Is Collagen Really Good For Your Skin? What Does The Research Say?
Hype, hyperbole and histalogical hysteria? Does supplementing with collagen protein products really improve your skin? What does the research have to say?
Is their truth to claims online that people are freaking out about collagen peptides?
Let's see what the research has to say. But before we explore the studies, let's get something out of the way....
There's a lot of skepticism about collagen supplements from mainstream online sources. Headlines such as "Collagen: Fountain of Youth or Edible Hoax" (WebMd) may lead the potential consumer to conclude even before reading the article and exploring the research that collagen is synonymous with snake oil and, therefore, U.S. consumers, who are expected to spend over $120 million on collagen products in the very near future, are getting fleeced.
However, there are several research studies lending support to collagen supplementation in the diet.
Now, granted, much of the research is preliminary. Oral collagen supplements and products have only been studied for a relatively short time. There simply hasn't been enough large-scale and long-term evidence offering unequivocal proof.
But the existing research is indeed promising....
According to this article on Prevention.com, brand-new clinical research supports anecdotal claims that collagen supplements can improve skin quality.
The article points to a large double-blind, placebo-controlled study published in early 2014. In the study, women who took 2.5 g of hydrolyzed collagen peptide once a day for 8 weeks had a 20% reduction in wrinkle depth around their eyes. Moreover, procollagen, a precursor to collagen in the skin, was significantly elevated by 65%.
The Journal of Cosmetic Dermatology concludes in this study: "Collagen density in the dermis significantly increased and the fragmentation of the dermal collagen network significantly decreased already after 4 weeks of supplementation. Both effects persisted after 12 weeks."
Journal of Medicinal Food examined the efficacy of collagen peptides on the cellulite treatment of normal and overweight women. In total, 105 women aged 24–50 years with moderate cellulite were randomized to orally receive a daily dosage of 2.5 g collagen peptides over 6 months. The results: "oral supplementation ... over a period of 6 months leads to a clear improvement of the skin appearance in women suffering from moderate cellulite. In addition, the data shows the marked potential of [collagen peptides] to improve the skin morphology of cellulite-affected areas, providing new evidence of [peptide's] beneficial effects and postulating a new therapy strategy for cellulite treatment."
Another study, in the Journal of Medical Nutrition & Neutraceuticals is a double-blind, randomized, placebo controlled clinical trial (the so-called 'gold-standard' of clinical research). It was conducted on healthy subjects to assess whether supplementation of peptides could improve certain specific skin properties of post-menopausal women, namely depth of facial wrinkles, skin elasticity and hydration. The supplement led to a "significant improvement in wrinkle depth. It is also able to induce noticeable improvement in elasticity and hydration of the skin."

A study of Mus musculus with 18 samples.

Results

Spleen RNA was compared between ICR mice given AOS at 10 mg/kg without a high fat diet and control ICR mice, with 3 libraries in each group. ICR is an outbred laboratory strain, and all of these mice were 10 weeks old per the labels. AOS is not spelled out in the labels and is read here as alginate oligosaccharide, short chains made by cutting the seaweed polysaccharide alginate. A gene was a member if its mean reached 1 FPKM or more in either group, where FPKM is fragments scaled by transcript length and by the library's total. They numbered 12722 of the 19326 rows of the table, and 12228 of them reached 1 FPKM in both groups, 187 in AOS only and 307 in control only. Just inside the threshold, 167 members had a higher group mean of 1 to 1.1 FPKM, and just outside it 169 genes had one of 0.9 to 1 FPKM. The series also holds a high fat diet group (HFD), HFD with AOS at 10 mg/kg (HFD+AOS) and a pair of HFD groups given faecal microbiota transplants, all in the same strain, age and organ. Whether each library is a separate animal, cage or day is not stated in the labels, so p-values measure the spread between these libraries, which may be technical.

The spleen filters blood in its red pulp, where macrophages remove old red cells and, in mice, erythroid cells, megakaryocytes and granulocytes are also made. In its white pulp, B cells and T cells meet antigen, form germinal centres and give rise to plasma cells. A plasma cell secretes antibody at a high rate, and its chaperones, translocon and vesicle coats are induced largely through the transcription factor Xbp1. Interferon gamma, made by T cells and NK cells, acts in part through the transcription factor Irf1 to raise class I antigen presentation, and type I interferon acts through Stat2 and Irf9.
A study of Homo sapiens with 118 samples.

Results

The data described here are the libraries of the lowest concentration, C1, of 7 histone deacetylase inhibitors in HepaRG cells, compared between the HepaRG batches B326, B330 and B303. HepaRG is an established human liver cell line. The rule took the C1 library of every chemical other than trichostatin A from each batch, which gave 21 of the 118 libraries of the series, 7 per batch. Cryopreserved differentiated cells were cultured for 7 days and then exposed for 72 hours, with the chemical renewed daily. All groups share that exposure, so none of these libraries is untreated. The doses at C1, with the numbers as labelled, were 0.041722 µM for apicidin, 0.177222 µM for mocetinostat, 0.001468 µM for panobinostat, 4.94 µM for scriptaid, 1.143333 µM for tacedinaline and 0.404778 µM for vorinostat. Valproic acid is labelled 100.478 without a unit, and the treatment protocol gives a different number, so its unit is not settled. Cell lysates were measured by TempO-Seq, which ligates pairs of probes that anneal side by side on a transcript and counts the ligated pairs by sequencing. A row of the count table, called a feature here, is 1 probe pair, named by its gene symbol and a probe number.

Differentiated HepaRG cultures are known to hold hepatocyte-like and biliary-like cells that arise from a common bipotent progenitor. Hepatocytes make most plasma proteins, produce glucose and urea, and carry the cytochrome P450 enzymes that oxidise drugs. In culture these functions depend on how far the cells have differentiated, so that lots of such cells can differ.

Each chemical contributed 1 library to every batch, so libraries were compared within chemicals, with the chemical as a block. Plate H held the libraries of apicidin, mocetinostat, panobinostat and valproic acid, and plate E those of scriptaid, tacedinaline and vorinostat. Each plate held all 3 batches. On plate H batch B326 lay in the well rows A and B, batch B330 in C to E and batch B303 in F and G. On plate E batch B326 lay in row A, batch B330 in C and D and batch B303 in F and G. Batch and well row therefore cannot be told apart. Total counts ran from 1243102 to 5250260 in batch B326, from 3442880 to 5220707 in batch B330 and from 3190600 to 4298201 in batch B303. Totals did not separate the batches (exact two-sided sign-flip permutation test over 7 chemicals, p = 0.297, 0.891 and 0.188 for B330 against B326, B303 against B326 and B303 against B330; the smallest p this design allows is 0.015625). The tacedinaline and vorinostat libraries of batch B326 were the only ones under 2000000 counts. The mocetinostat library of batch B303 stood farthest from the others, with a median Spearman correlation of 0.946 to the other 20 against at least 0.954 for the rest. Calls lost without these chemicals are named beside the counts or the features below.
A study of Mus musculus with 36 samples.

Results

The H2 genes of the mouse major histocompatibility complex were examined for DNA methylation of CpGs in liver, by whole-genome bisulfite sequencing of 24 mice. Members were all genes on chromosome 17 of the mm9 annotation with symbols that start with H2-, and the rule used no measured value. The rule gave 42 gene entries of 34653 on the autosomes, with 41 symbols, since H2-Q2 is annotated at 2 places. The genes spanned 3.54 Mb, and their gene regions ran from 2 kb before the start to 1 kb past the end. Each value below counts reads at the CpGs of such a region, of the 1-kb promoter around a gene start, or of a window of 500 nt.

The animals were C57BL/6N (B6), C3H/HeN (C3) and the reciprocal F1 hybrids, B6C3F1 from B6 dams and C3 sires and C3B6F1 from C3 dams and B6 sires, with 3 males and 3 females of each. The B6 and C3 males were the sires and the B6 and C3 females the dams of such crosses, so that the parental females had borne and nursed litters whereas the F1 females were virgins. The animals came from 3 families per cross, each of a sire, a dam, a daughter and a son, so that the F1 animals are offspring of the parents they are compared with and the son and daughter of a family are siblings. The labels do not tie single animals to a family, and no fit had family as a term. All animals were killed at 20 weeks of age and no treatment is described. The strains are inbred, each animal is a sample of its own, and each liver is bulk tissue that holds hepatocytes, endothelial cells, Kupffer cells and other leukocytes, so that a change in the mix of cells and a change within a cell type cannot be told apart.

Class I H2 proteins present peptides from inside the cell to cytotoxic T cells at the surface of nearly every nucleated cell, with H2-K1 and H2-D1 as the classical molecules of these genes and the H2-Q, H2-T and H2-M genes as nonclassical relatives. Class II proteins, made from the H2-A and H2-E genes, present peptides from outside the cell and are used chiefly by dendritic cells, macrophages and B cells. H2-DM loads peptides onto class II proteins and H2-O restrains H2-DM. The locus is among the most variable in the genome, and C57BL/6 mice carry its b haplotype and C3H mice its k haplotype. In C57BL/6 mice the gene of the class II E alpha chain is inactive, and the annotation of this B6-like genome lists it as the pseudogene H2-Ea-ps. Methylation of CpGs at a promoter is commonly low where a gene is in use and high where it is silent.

And this analysis of several collagen peptides study in The Open Nutraceuticals Journal concludes:
"Due to its low molecular weight, hydrolysed collagen is highly digestible, absorbed and distributed in the different tissues of the human body. Several experiments have shown that collagen peptides can be efficiently absorbed and distributed to the dermis, the deepest layer of the skin, where they can stimulate the proliferation and motility of fibroblasts; induce an increase in the density and diameter of collagen fibres; increase hyaluronic acid production and activate protection against UVA radiation."
The study concludes, "To date several controlled clinical trials have been performed proving the efficacy and benefits of collagen peptides on skin properties."
Thus, considering the promising conclusions of these studies and others like it, there indeed seems to be adequate research to support collagen supplements for skin. And we expect the library of supportive research to grow.
Admittedly, it's not totally understood yet how collagen supplementation actually improves your body's own collagen.
The aforementioned Prevention.com article says researchers believe that it's the mincing of collagen into very particular small chains of amino acids and peptides that holds the secret to youthful skin.
We look forward to the publication of even more studies supporting collagen supplementation for skin. And it's our mission to supply you with the best grass-fed and pasture-raised collagen peptides on the market.
To conclude, let's not forget about the anecdotal evidence. Almost every day, we get an email from one of our customers letting us know how collagen protein has improved their health. (Here's a skin testimonial we recently received from Renea W.)